Abstract

Context: Low mental health scores, depression, and anxiety are associated with worse pain and functional outcomes following hip arthroscopy for femoroacetabular impingement syndrome (FAIS). Pre-operative screening of psychosocial factors such as pain catastrophizing, self-efficacy, and kinesiophobia may further aid in identifying patients at-risk for poorer outcomes.

Objective: Compare pre-operative function and psychosocial factors between patients with and without elevated post-operative pain three-months following hip arthroscopy for FAIS.

Design: Prospective cohort

Setting: University health center

Participants: 51 individuals with FAIS (41F/10M; age:37.6±12.3years; BMI:27.1±4.1kg/m2)

Outcome measures: Pre-operatively participants completed the Pain Self-Efficacy Questionnaire (PSEQ), Tampa Scale for Kinesiophobia (TSK), Pain Catastrophizing Scale (PCS), 12-Item International Hip Outcome Tool (iHOT-12), and a 10-point visual analog scale (VAS) for hip pain at rest and during activity. Three-months post-operatively, participants completed the PSEQ, TSK, PCS, iHOT-12 and VAS. Pre-operative scores were compared between those with (VAS≥3) and without (VAS<3) elevated post-operative pain using Mann-Whitney U tests, and odds ratios were calculated to determine the odds of having elevated post-operative pain and lower post-operative function.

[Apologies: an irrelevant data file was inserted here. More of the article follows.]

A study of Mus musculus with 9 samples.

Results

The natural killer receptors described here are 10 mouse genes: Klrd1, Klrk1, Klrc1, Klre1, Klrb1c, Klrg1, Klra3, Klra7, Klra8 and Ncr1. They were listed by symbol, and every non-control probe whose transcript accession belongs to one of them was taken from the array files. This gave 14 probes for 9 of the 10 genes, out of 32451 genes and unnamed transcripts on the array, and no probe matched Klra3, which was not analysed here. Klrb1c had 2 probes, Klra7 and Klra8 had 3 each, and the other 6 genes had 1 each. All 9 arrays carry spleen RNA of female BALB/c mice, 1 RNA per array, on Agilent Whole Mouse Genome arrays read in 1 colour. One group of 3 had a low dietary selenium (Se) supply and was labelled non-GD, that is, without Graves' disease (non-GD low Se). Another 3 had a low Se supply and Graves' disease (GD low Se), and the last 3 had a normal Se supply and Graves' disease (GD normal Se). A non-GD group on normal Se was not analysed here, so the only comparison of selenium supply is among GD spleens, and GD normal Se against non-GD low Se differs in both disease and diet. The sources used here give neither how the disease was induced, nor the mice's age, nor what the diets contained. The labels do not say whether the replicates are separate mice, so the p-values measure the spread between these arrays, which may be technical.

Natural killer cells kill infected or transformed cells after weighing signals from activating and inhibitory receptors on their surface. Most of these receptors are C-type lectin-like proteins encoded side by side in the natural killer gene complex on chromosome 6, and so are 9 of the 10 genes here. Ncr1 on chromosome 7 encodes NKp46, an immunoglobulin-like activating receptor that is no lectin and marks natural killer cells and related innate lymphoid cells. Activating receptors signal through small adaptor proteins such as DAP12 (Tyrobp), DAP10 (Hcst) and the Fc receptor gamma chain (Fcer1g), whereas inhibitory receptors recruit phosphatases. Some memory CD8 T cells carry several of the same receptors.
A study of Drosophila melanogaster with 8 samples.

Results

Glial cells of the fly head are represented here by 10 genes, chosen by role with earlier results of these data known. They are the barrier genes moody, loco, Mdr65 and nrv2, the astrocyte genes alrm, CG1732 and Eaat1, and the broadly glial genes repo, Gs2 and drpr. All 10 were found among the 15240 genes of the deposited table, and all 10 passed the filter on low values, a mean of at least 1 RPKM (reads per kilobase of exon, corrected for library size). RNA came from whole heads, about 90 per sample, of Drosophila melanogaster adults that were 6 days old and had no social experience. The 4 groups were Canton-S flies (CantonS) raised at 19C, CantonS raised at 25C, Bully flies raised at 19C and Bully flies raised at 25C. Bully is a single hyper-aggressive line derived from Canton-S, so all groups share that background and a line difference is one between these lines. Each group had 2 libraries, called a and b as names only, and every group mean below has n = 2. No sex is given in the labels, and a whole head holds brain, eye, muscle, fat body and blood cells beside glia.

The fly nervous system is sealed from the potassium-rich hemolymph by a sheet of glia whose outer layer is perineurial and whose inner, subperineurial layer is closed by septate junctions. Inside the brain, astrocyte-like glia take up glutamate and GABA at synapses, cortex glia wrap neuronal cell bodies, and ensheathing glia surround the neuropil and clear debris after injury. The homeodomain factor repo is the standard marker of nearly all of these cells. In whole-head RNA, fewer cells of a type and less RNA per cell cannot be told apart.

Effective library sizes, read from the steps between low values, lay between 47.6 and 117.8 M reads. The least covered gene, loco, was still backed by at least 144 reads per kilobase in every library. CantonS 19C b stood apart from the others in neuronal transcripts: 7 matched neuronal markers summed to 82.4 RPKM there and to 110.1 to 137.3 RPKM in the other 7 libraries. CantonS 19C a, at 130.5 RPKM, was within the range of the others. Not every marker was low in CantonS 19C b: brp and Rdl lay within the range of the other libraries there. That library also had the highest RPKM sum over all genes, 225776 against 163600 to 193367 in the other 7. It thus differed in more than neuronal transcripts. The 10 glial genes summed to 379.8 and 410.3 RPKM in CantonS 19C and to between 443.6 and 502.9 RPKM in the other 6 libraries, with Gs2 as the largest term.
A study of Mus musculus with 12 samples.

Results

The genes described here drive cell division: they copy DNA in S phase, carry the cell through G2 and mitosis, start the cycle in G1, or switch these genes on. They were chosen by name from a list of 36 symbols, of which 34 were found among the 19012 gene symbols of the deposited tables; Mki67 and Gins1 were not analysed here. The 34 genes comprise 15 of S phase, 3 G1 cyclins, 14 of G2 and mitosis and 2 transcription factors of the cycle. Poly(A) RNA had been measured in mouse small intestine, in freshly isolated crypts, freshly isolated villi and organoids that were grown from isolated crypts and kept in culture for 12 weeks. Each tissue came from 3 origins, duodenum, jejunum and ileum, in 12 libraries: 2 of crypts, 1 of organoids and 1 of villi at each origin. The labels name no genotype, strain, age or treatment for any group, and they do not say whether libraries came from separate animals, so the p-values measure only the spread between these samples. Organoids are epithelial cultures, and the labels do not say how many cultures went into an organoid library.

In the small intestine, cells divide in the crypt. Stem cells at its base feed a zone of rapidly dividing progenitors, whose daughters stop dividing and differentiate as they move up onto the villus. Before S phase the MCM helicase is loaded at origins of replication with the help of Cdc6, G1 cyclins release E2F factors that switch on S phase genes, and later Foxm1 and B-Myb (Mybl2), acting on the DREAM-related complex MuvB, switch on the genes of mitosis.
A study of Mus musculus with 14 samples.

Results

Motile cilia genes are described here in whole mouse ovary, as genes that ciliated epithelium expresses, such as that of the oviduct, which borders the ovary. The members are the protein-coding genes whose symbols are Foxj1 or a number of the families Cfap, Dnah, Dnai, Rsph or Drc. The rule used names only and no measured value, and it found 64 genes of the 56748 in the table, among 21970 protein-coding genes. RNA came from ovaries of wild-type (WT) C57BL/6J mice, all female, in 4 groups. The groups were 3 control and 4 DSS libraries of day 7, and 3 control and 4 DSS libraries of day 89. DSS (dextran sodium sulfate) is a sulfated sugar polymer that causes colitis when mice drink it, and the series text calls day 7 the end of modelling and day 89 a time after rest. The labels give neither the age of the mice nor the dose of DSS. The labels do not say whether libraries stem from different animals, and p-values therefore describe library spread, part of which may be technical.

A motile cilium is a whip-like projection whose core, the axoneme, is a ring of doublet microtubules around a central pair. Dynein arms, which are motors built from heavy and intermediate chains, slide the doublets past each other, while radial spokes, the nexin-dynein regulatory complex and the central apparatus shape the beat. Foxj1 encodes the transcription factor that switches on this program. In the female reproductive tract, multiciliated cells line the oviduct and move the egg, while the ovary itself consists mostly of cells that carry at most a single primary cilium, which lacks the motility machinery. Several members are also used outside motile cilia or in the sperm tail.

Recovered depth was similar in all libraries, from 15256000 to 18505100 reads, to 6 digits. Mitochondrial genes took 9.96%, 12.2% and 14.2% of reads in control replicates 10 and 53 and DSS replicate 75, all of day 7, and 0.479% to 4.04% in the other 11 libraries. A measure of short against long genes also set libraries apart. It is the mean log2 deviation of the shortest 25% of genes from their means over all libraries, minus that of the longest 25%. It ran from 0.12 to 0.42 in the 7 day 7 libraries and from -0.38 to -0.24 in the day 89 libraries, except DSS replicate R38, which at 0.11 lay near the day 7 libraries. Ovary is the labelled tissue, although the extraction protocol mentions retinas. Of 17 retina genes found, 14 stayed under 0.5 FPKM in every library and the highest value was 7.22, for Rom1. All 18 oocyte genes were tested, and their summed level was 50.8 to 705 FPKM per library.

Results: Participants with elevated post-operative pain at rest and during activity had worse pre-operative psychosocial health (p≤0.04). Those with elevated pain at rest had worse pre-operative function (p≤0.001). The odds of having elevated post-operative pain at rest were 45 times and 4.5 times higher for those with low self-efficacy and high pain catastrophizing (p≤.03).